Yesterday’s good news: the reason the Bank of England increased interest rates is because it thinks the growth in your pay packet is about to start picking up. The bad news: it doesn’t think they’re going to pick up very far because we’re just not very good as a country at improving how we produce things. That’s the summary of what we heard from Mark Carney and (most of) his colleagues yesterday. Whether they are right is much more important for our living standards than the actual increase in rates itself.
The Bank has come to a different view on the case for raising rates now to most external economists and commentators. However they do agree with their critics that the path of wages, as the central determinant of domestic inflation, is key for deciding when a rate rise should take place. It is all about wages. So what’s going on with our pay packets, and why is the Bank seeing signs of pay rises many people don’t feel?
The first simple fact – more or less the only fact that the Bank’s critics think they need – is that real wages have spent 2017 actually falling.
You can pass the blame for falling real wages onto temporary higher inflation. But the growth in nominal wages is also historically low – hovering above 2 per cent, compared to an average of 4 per cent pre-crisis. It hasn’t been boom time Britain for workers over the past year.
But what does looking beneath those headlines tell us? In the past some have argued that yes overall earnings measures might be growing slowly (the blue line below) – but that hides stronger wage growth for the typical worker who stays working in the same job from one year to the next (the orange line), as the majority of us do. Focusing on the latter is more important, the argument goes, because it removes the effects of new people coming into and others leaving employment and provides a purer measure of wage pressure. This used to be a favourite argument of George Osborne (as Chancellor, not newspaper editor).
This is a bad argument in the context of the Bank’s task of examining whether wage pressures risk feeding through to faster price rises. Firstly that’s because, even on this alternative measure of earnings growth, wage rises are far below pre-crisis norms. Secondly, if anything they have declined faster than overall average wage growth recently. And thirdly (but most importantly), if you’re looking for some form of the going rate for those staying put, it’s the typical wage rise (the red line above) that matters rather than the wage rise of the typical worker. On that measure there is no grounds for coming to a different conclusion about whether wage growth has taken off. In fact our estimate is that it has fallen further in the most recent data (for the year to April 2017).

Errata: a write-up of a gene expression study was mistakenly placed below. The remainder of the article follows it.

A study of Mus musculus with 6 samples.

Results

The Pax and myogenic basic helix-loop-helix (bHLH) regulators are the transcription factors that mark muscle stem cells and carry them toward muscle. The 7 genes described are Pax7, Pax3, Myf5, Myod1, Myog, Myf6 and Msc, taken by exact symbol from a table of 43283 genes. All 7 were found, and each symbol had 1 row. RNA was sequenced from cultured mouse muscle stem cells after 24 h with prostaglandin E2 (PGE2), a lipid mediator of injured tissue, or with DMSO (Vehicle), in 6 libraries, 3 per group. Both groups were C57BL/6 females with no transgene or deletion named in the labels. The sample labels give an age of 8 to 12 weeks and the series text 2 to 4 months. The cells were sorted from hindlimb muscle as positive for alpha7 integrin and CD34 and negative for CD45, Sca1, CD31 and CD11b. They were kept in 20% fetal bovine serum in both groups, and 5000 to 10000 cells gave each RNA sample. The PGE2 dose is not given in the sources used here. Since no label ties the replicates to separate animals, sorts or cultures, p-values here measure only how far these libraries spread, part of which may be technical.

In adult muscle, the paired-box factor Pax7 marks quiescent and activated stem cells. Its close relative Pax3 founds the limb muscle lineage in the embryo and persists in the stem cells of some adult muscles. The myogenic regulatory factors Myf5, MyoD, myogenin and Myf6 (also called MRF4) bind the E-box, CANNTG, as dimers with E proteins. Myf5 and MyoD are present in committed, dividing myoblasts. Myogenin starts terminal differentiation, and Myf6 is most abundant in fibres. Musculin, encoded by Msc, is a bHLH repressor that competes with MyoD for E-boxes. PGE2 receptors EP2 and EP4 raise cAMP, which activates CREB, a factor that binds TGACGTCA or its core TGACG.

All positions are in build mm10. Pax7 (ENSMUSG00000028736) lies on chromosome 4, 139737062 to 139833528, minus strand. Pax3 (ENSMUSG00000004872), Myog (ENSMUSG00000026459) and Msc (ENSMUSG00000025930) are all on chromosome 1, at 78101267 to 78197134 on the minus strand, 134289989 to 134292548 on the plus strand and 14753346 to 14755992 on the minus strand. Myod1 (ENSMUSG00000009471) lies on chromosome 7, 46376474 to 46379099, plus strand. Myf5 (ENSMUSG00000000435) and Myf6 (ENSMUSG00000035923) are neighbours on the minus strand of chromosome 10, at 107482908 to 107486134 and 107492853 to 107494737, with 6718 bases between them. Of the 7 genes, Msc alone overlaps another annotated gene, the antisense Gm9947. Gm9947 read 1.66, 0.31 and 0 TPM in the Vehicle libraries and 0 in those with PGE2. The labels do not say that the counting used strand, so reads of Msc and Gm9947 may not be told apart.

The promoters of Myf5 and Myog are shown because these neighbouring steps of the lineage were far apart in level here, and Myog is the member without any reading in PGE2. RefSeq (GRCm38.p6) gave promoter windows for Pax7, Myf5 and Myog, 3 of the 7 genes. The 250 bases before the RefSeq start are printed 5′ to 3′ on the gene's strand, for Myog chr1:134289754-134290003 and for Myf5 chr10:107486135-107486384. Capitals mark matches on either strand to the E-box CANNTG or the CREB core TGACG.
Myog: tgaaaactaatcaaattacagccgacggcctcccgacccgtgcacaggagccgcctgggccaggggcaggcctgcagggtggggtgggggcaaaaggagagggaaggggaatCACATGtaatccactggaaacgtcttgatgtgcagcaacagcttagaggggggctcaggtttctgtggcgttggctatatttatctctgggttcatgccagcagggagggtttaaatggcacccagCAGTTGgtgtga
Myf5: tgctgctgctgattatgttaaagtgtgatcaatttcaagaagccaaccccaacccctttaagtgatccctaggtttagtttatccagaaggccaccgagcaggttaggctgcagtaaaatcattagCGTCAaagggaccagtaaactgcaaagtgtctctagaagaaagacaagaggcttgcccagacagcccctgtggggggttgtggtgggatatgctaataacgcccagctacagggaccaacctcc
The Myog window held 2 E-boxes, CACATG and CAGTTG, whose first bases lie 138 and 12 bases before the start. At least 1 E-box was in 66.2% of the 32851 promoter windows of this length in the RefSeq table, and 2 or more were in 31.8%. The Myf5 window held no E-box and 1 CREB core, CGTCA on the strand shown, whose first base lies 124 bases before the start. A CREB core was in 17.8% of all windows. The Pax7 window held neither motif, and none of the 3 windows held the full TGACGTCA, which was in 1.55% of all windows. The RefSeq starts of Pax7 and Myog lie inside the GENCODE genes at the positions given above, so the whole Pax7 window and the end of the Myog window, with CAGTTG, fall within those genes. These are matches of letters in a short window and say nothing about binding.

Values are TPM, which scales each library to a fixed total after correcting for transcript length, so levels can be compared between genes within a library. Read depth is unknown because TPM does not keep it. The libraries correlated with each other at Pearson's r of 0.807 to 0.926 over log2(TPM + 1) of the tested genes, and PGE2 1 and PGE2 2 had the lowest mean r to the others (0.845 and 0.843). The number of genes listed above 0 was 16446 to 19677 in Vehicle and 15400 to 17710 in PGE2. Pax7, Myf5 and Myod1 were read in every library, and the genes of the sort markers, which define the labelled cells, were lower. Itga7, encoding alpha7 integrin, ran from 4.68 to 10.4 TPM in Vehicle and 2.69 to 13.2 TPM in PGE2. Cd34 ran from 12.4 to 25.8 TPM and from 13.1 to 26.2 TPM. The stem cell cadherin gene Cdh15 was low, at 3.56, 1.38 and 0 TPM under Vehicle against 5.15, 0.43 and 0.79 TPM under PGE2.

There are however two better arguments, for those wanting to see emerging signs of wage pressure.
First, while annual wage rises on the main data sources show no sign of an uptick, there are signs of a more recent pick up in the private sector. In the six months to August, private sector wage growth reached an annualized equivalent of 3.2 per cent (see the orange line below). The optimists reading is that with unemployment falling to a 42-year low and, as we’ve previously shown, that tightening feeding into upward pressure on job quality (such as the fall in zero hours contracts and switch to full time employee jobs), pressure on wages is next in line.
Second, they might say (indeed Mark Carney argued exactly this yesterday) that wage pressure is being understated because of a short-term weakening of normal upward pressure from the improving nature of the workforce (e.g. becoming more qualified over time) and the work being done (e.g. the longer term trend into higher paying occupations). This so called “compositional” boost to earnings is expected to restart soon so, the Bank argues, underlying wage pressure is higher than the headline figures suggest. As the chart below shows there is something in this argument – the pure wage effect has not fallen as far as the headline average earnings growth figures imply.
These are not ridiculous arguments, and both short-term movements and the impact of compositional changes are things we should be looking at when trying to decide if the labour market is at a turning point for wage growth. But as of today they are a long way from conclusive. A few months of faster private sector wage growth does not prove we’ve decisively turned a corner – indeed we saw a similar spike up in wage growth in 2015 that turned out to be short lived. As the dissenting voices on the Monetary Policy Committee pointed out, it is just too early to tell whether a corner has been turned. Let’s hope it has, given that what we definitely do know about wages is that we’re starting from a very bad place.
But while on short-term pay the Bank are looking chipper, their longer term outlook for our pay packets is anything but. Their pessimistic view on the capacity of our economy to grow, with slower productivity growth than we previously thought Britain was capable of, feeds through into us being a country where the norm is for smaller pay rises. They are forecasting real wage growth never getting above 1.2 per cent in the coming years, less than half the pre-crisis norm.
So what can we say for sure on wages? Firstly, the big picture is of a wage disaster, with average earnings still £15 a week below their pre-crisis peak. Secondly, the last year hasn’t been great with higher inflation leading to a return of the pay squeeze. Thirdly, there is some evidence of faster private sector wage growth more recently – but it really is just a few months’ data.
Let’s hope the Bank is right that it heralds the return of wage pressure. And hope they are very wrong on low wage growth for years to come.